The 25% reduction in relative risk seen in patients treated to 120 vs 140 mm Hg corresponds to an absolute risk reduction of 1.6%.
Aggressive BP treatment draws more skeptics
Two editorialists in Annals of Internal Medicine urge caution in interpreting and adopting the findings of the SPRINT (Systolic Blood Pressure Intervention Trial), which last year showed a benefit for a more aggressive approach to blood pressure therapy. The trial found improved outcomes in high-risk patients treated to a target of of 120 mm Hg instead of 140 mm Hg.
Although the 25% reduction in relative risk in the primary composite outcome "sounds impressive," Eduardo Ortiz, MD, and Paul James, MD, wrote that this "corresponds to a decrease in event rates from 6.8% to 5.2% over 3.2 years, or an absolute risk reduction of 1.6%."
They estimated that treating 1,000 people for 3.2 years with more aggressive treatment would result, on average, in a beneficial effect in 16 persons, serious harm in 22, and no benefit or harm in 962. They write:
"Patients may believe that it is worthwhile to aim for lower BPs if they hear that receiving 3 drugs every day for more than 3 years might reduce their risk for cardiovascular events by 25%. However, after learning that their likelihood of absolute benefit is only 1.6%, with a greater likelihood of serious harm, their enthusiasm for more medications may diminish."
Given the low overall rate of events in SPRINT, "statistically significant differences may not necessarily correspond to differences that patients or their physicians consider clinically significant."
Ortiz and James also criticized the way the NIH promoted the study, emphasizing the benefits of aggressive therapy while ignoring its harms. This, they said, raises the specter of overtreatment.
They do concede that SPRINT should be incorporated into clinical practice, but the "process should carefully consider the overall body of evidence; potential harms, burdens, and costs of more aggressive treatment; and patient preferences."
They recommend a nuanced response to SPRINT as opposed to a "one-size-fits-all" approach. A more aggressive approach may be warranted in a 55-year-old high-risk patient without other conditions. More caution is warranted for a 79-year old patients with multiple comorbid conditions who is already taking two or three antihypertensive drugs.
SPRINT, they concluded, did not provide "convincing evidence that large segments of the population should be treated with additional drugs to a systolic BP goal less than 120 mm Hg, especially when the adverse events, costs, and burden of such treatment are considered."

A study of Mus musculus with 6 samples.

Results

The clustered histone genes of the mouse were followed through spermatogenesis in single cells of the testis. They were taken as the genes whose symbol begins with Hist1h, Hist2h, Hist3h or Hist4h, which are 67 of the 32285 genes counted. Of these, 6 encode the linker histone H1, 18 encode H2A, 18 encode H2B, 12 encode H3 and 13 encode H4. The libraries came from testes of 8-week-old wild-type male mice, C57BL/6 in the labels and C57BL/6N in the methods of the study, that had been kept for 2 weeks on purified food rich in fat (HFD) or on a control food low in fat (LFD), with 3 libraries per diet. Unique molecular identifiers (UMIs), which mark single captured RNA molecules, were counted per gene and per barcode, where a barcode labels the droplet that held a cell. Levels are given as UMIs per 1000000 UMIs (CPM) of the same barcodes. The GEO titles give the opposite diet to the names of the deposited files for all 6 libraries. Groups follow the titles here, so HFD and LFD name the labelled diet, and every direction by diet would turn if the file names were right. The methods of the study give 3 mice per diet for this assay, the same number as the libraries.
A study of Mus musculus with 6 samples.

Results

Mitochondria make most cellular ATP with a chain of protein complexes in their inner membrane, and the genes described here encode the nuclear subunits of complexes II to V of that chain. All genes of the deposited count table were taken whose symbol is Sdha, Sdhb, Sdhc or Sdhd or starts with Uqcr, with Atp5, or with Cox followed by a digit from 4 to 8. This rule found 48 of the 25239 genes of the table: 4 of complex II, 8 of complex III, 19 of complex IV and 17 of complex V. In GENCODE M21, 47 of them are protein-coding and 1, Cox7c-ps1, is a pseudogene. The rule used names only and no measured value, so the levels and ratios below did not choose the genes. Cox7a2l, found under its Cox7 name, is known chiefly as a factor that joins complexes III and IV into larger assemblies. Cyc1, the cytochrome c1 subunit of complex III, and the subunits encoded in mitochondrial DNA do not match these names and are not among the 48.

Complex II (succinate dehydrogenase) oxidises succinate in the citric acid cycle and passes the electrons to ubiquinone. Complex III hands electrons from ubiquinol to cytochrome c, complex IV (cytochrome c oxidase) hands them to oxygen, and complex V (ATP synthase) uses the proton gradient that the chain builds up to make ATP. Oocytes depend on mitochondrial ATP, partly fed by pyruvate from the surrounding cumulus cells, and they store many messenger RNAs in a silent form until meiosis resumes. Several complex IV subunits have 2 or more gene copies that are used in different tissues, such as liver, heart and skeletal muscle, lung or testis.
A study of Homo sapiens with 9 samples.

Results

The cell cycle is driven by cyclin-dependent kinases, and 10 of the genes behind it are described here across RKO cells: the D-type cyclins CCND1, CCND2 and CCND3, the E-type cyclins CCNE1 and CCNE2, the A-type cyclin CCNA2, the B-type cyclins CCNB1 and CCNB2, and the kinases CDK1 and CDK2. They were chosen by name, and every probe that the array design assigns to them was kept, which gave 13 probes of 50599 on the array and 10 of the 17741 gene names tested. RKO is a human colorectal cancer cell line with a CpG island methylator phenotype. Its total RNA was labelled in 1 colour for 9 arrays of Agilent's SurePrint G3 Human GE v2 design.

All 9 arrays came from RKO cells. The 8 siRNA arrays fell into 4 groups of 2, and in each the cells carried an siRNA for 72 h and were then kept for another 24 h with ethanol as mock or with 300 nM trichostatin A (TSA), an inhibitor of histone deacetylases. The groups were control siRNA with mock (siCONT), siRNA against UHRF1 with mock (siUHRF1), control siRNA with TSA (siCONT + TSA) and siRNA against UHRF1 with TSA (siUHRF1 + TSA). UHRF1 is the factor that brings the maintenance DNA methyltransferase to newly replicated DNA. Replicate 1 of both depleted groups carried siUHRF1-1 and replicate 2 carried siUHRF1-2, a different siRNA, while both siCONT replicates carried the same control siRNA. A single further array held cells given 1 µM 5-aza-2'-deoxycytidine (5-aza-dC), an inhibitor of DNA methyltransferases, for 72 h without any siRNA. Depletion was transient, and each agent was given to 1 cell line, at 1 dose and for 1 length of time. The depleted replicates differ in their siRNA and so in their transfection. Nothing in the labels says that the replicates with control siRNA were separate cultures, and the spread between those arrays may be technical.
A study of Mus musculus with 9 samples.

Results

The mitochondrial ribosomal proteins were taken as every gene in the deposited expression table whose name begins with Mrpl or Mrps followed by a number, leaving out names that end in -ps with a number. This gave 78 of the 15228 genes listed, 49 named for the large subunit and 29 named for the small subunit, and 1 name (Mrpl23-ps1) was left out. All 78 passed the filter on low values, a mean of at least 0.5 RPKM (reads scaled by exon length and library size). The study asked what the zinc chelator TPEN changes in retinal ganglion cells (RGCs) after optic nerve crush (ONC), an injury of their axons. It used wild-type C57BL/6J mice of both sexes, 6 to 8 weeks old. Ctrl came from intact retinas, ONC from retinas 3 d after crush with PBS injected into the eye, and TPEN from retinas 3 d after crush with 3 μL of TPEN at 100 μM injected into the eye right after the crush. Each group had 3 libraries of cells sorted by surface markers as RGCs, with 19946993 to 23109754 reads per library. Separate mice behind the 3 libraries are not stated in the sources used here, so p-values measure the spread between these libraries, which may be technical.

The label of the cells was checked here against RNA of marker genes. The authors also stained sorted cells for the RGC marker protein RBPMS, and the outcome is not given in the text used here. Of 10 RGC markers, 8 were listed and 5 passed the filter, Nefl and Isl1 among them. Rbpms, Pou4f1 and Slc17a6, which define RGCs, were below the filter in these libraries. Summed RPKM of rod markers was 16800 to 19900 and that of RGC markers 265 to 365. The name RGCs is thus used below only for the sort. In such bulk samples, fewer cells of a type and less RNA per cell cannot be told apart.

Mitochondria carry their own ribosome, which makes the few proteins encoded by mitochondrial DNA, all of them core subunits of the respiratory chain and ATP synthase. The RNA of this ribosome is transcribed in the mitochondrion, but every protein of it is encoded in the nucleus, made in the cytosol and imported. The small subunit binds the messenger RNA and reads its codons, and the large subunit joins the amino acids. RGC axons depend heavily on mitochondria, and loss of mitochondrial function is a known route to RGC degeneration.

Christie Ballantyne, MD, of Baylor College of Medicine, offered stronger support for SPRINT than other physicians asked to comment. He said that although he agreed that "'one size does not fit all' and that one must look at both risks and benefits," he thought the editorial did not provide a "fair and even" view of the trial.
"For example, if you are an older individual, one of the major concerns would be an increase in injurious falls. Although the authors of the commentary state that this is increased, in regards to serious adverse events, there were actually fewer injurious falls" and a similar number of emergency room visits.
"Why not let the individual who is 79 years old make the decision with real information, show the events that are avoided such as death and heart failure and show the increase in side effects which most patients would not consider as serious?" he asks.
Further, Ballantyne pointed out, the absolute reduction in risk is actually greater in older patients. "I do not understand why the authors of this paper suggest that we selectively ignore the much greater absolute benefit in the elderly and the greater relative risk reduction. How can the results of this study be used to say we should be aggressive in the young when they had the least benefit?"
Others contacted by MedPage Today, were likely to side with the editorial writers.
And Franz Messerli, MD, of Mt. Sinai, and Sripal Bangalore, MD, of NYU Langone Medical Center, said that there was no reason to rush to embrace SPRINT: "A simple but inescapable truth of medicine is that all patients are physiologically, psychologically, pathologically, culturally, and genetically different. Accordingly there never will be one best way to diagnose and treat many medical disorders, including hypertension. To lower systolic pressure of all hypertensive patients uniformly to 120 mm Hg or below clearly has to be considered absurd, regardless of the SPRINT results. As Ortiz and James eloquently state: 'Some patients and their physicians may believe that the benefit (of going to 120 mmHg) is worth the additional effort, risks, and costs of taking more medications, whereas others may not'. We can only hope that despite (or even because of) SPRINT physicians will continue to treat patients and not blood pressure numbers only."